The magazine rated Newport Beach No.1 as the best place to live for wealthy singles, with 30% of the population unattached and the average household income almost at $145,000, based on U.S. Census data and Onboard Informatics 2009 projections.
Irvine came in No. 5 on the list with 31% single and average income at $133,000.
However, although Newport may be awash with wealthy bachelors and bachelorettes, it doesn't mean that dating in the city will be any easier for anyone no matter how much money a single person makes.
"The more money that you make and the more independent and stable you become, then the less willing you are to compromise your values and settle for someone less than what it is you want [in a partner]," Louie Felix, CEO of Elite Personal Search, a Costa Mesa-based one-on-one dating service that caters to average income and high-end clients nationwide.
And equal, if not greater, income is often on people's list of criteria in potential mates. However, often isn't always, Felix said.
"If we feel someone is a really strong match, we will introduce them," Felix said of individuals with large differences in personal income.
"People know more about what they don't want than what they do want," he said. "We tend to have to challenge [clients] to re-think about what it is they really want."
The high standards of wealthy singles may correlate to Newport's population of divorced individuals: 13%, which is higher than the average rate — 8.4% — of the Money Magazine's 100 best places to live.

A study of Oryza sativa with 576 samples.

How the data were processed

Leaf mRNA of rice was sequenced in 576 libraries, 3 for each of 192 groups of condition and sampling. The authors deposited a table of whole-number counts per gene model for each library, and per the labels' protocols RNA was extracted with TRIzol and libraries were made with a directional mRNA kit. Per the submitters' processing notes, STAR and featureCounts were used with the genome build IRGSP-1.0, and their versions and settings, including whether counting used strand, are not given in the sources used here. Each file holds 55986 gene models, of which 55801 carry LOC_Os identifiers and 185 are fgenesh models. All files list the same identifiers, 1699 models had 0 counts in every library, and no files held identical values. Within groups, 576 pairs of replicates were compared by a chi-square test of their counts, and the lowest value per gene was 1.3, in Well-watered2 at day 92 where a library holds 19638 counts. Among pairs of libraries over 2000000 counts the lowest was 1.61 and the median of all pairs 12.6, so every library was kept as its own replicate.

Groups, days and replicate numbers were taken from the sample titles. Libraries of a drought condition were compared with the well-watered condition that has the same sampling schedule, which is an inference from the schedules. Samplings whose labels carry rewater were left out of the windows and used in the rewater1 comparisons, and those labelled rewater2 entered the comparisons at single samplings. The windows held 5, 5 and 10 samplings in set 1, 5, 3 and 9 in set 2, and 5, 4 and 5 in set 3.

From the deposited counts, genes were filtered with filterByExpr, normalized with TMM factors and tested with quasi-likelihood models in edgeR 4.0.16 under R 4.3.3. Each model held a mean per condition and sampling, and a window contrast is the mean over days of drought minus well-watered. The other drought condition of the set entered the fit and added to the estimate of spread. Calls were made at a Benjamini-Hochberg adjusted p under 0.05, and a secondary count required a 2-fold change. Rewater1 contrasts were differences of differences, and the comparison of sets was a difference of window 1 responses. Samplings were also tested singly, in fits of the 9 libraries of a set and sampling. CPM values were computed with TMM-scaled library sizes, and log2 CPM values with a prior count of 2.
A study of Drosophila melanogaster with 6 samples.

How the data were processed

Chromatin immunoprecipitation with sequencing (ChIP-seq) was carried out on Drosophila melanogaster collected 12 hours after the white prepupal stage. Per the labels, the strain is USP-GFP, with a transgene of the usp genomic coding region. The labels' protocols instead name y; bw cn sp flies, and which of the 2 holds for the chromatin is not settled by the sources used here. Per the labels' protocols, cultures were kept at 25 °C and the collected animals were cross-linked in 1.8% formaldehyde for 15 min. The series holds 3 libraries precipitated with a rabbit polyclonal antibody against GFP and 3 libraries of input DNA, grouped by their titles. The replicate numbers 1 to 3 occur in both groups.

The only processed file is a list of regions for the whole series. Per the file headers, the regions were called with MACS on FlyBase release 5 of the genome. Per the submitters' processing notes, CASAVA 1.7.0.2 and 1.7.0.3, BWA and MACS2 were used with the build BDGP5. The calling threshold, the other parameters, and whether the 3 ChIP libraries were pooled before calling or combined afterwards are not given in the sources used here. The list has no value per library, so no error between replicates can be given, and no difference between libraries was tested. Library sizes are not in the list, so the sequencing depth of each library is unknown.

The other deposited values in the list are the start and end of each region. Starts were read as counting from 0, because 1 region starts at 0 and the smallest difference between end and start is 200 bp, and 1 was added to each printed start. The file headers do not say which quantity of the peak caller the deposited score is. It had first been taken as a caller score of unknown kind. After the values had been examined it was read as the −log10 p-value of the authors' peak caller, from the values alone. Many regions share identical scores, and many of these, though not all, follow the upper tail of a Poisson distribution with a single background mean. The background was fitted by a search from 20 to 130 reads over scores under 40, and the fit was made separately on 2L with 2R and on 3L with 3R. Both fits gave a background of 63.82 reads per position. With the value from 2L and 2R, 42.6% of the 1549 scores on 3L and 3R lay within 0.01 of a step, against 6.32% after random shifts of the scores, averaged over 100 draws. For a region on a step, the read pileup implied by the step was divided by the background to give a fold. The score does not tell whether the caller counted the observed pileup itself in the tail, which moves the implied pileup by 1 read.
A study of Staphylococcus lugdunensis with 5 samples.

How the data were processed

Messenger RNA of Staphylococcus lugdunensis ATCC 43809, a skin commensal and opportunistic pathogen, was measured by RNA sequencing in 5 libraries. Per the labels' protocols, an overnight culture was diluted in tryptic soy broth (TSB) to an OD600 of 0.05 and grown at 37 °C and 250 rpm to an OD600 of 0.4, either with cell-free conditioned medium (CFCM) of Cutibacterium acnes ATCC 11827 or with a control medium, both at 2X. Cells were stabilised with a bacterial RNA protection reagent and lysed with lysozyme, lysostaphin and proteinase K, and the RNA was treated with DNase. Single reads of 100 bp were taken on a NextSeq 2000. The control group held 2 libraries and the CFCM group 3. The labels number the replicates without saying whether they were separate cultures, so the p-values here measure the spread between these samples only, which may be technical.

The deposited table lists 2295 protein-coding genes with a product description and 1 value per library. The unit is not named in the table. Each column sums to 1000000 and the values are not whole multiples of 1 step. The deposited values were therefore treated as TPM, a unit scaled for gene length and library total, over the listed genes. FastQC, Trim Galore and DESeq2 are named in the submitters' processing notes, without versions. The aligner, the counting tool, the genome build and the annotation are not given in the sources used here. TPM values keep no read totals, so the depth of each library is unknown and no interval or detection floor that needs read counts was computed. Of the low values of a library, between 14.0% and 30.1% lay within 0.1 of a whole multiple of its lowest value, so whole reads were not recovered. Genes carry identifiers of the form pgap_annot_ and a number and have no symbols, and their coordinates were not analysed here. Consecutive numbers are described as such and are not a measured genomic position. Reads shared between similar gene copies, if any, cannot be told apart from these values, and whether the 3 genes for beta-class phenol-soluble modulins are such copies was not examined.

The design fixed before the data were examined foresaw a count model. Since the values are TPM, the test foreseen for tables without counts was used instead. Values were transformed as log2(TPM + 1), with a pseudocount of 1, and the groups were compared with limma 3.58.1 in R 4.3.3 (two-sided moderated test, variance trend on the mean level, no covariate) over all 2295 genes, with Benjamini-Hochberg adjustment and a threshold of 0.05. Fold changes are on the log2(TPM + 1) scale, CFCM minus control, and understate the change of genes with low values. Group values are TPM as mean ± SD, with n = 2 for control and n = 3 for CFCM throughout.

And Newport residents are looking for love at later stages in their lives. The median age reported in the U.S. Census is 43, which correlates with the age of the average dater, Felix said.
Mary Ann Kilgore, who runs Diamond Introductions, a matchmaking service out of San Clemente, also confirmed that her average client was in his or her 40s.
For many professionals, managing their career takes up too much time to have a relationship, resulting in more wealthy singles, she said.
"Another reason: Many women who married younger now find that they have their own lives and careers and are looking to make smarter dating choices," Kilgore said. "Or the ones who were entirely career-focused while they were younger are now finding that their careers are terrific but that their love life could use a boost."
The city also may be a hub of wealthy single activity because of its popularity as a place to live for young relocating business executives, she said.
"The way the coastal area is portrayed on TV makes it appear a very appealing place to live," she said. "And to live on the coast, it means you have to have the money to do so."